Kevin Trenberth once claimed that the hiatus in warming from 1998 to 2014 was simply due to ‘missing’ heat being sequestered in the oceans. The annual global heat content to 700m indeed did show a rise, as estimated by measured temperature profile with depth. I have never looked at this NODC data until now. Here is a 3-monthly (JFM,AMJ,JJA,OND) animation of all the available data.
Firstly it is obvious that seasonal changes far outweigh any long term change. There are large regional variations near the equator dominated by El Nino La Nina cycles, while the poles show little net change over time. If we look at the first 3 months of 2016 (below) we see the massive shift of heat by El Nino and that a large cold spot has appeared in the North Atlantic.
This cold spot in the North Atlantic has been highlighted by Ole Humlum through his climate4you reports. Is this perhaps something to do with AMO, and if so what is driving it? Perhaps one answer lies with the precession cycle of the moon. Commenter ‘charplum’ (see The forgotten Milankovitz effect ) discovered an 18.6y signal in the Ocean Heat content data for the North Atlantic based on Humlum’s data.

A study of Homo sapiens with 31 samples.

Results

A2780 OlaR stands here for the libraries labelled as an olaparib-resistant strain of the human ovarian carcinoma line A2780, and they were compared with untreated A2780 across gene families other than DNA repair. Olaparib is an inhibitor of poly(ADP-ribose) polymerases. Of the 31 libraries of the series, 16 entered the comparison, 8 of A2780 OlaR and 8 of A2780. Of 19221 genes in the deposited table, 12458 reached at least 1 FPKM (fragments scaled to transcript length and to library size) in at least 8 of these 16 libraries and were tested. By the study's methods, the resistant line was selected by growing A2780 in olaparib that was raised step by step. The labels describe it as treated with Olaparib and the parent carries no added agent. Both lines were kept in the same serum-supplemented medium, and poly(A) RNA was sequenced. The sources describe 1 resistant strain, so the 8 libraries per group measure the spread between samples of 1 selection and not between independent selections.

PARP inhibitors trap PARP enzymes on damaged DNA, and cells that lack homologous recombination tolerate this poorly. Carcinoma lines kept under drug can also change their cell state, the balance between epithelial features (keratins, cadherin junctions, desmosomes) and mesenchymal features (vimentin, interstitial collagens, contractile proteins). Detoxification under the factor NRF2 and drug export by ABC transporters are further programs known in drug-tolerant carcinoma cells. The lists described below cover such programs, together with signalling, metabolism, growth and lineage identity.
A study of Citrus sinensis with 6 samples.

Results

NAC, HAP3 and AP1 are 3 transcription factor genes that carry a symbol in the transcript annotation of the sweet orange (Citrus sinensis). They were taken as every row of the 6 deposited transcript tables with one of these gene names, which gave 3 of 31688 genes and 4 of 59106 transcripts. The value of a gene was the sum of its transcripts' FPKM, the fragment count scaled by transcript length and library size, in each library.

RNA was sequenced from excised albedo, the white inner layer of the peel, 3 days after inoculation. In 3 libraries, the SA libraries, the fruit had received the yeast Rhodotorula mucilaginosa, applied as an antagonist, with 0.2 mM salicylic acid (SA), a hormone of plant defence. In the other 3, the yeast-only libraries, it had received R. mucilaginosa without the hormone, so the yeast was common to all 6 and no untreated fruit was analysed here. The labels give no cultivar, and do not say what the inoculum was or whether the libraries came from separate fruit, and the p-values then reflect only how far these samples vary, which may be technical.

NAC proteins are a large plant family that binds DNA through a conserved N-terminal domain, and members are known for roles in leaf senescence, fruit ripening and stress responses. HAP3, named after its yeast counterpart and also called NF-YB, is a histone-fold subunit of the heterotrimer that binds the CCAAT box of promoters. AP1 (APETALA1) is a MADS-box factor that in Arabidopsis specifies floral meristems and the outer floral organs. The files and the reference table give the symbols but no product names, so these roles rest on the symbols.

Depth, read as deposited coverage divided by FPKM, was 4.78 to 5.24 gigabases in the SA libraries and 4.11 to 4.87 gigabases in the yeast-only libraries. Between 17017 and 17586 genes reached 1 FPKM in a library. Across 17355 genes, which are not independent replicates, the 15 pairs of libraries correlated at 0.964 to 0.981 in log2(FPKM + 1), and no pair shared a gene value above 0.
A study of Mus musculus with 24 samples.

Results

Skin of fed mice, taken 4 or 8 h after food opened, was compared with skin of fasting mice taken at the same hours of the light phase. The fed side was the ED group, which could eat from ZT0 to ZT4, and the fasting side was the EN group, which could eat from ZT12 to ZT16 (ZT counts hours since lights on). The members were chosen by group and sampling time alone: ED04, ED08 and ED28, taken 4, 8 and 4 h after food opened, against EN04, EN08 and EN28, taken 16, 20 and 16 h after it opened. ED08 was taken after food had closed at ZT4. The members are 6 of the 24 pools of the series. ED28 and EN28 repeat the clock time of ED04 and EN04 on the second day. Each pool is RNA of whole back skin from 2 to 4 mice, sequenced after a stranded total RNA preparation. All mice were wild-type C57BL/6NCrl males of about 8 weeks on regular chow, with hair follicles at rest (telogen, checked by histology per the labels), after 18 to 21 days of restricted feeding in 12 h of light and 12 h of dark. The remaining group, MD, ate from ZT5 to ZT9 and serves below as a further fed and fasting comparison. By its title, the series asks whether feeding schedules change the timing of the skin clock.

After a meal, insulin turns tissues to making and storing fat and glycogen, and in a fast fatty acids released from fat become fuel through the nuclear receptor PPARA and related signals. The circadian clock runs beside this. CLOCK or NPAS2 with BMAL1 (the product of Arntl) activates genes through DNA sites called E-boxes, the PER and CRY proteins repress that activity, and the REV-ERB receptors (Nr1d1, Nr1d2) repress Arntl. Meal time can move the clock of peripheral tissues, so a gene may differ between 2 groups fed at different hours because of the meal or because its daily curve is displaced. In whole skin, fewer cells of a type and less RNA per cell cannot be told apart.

Tidal tractional drag is felt at all depths in the ocean and therefore can affect heat mixing. The position of maximum spring tides depends on the declination of the moon. The maximum tidal drag force is centered at around 45 degrees to the lunar declination angle. This varies with the 18.6y precession cycle. Maximum lunar standstill of 28.5 degrees last occurred in June 2006 while the minimum lunar standstill of 18.5 degrees occurred last October. The data suggests that in the North Atlantic enhanced tidal mixing increases the net heat content contained in the top 700m, while reduced mixing at minimum declination leads to central cooling.
The UK sits right within the N. Atlantic study area used by Humlum, and its climate is dominated by westerly winds from the Atlantic. Could such tidal mixing be evident in the Central England temperature data? Again Charplum found evidence of a 18.6 year signal in the annual CET data. I plot below the data since 1750 with a superimposed precession signal.
It is always difficult to prove any effect when there are so many variables involved in a temperature series, including of course CO2. However it is tempting to associate just such a lunar signal in CET.